By Die Morina
Italian police and the Carabinieri on Wednesday night arrested suspected Islamist militants from Kosovo – with valid residence permits in Italy – following 12 raids – 10 of which were in Venice’s historic centre, one in Mestre, the mainland suburb of Venice, and one in Treviso.
The Kosovo online newspaper Gazeta Express named those arrested as Fisnik Bekaj, 24, Dake Haziraj, 25 and Arjan Babaj, 27. The identity of the minor has not been published yet.
According to the UK Daily Telegraph, the telephone conversations of the suspects were recorded celebrating last week’s terrorist attack in London, in which Muslim convert Khalid Masood, 52, drove a car into crowds walking across Westminster Bridge, killing three people, and then fatally stabbed a policeman, Keith Palmer, outside Parliament.
“They were all attached to the ideology of ISIS and interested in the recent attacks, above all the one in London, which they praised,” Adelchi D’Ippolito, a prosecutor, said, according to the Telegraph.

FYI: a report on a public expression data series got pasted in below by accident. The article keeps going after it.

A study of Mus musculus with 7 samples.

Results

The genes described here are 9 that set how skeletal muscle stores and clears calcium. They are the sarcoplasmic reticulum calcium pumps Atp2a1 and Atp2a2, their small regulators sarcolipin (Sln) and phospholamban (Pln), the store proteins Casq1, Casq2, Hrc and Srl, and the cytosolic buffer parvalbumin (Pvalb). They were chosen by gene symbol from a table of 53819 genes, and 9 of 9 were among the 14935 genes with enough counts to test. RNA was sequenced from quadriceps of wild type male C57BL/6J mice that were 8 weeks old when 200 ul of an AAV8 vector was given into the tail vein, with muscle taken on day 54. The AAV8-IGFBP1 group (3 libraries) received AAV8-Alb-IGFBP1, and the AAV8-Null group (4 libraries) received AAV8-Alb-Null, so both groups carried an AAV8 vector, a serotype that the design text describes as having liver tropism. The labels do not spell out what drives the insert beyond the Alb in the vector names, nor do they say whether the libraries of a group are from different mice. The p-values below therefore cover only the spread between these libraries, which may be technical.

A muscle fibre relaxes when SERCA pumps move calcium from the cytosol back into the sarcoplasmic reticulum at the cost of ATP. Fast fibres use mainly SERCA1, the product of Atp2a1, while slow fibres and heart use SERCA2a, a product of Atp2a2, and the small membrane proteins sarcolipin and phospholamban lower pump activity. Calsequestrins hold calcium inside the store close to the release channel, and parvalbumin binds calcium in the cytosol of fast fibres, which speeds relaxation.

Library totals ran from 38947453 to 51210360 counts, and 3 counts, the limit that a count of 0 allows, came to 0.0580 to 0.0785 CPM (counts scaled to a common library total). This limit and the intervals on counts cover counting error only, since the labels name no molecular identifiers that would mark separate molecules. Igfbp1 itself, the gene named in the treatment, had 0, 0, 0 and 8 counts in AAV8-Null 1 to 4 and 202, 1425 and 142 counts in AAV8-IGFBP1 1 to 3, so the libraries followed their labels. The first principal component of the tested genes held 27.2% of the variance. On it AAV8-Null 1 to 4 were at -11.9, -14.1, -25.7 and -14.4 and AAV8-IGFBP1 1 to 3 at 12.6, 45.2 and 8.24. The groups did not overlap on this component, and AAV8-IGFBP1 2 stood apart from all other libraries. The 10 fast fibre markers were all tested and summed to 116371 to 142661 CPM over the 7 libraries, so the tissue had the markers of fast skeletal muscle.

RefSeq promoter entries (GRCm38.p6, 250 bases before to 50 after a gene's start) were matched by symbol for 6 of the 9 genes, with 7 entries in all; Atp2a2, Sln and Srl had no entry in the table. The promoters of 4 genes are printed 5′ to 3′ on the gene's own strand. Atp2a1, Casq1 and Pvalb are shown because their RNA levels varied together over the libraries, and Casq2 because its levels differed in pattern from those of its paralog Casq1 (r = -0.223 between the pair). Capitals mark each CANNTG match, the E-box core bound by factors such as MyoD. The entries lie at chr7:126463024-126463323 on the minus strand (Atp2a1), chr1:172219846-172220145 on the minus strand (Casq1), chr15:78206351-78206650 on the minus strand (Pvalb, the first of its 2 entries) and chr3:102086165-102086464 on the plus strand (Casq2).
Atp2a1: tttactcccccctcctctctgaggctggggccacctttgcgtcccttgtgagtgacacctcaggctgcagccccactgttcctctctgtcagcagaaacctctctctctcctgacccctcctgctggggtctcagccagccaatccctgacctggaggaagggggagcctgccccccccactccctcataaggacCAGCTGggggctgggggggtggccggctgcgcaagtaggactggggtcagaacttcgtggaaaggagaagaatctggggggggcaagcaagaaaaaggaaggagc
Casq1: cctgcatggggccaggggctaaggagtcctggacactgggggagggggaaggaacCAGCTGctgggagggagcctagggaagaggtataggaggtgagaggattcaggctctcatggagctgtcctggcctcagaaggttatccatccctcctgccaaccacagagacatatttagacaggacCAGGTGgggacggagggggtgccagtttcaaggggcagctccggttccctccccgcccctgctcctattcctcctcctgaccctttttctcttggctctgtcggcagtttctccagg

They had allegedly downloaded information from extremist websites about how to carry out terrorist attacks, the Telegraph reported, adding that, “It was not clear whether an attack was imminent.”
Two of the men worked as waiters in Venice, according to a local newspaper, La Nuova Venezia. One suspect was arrested in an apartment close to La Fenice, Venice’s historic opera house.
“Compliments to the forces of law and order for having carried out this important operation,” Luigi Brugnaro, the mayor of Venice, said. “In the name of the city and of all citizens, I can only express sincere thanks for what they are doing to ensure our safety.”
Around 100 people have been arrested in Kosovo since September 2014 on charges of active membership of, or affiliation to, Islamist groups including ISIS and Al-Nusra.
More than 50 are on trial. The authorities estimate that about 300 Kosovo Albanians have joined ISIS and Al Nusra in total.
On February 2017, the Albanian ISIS commander Ridvan Haqifi, an Imam from Gjilan/ Gilanje in Kosovo, better known under his nom-de-guerre Al- Kosovi, was reported dead.
Haqifi became infamous for a video in which he warned Kosovars that “black days were coming” to them.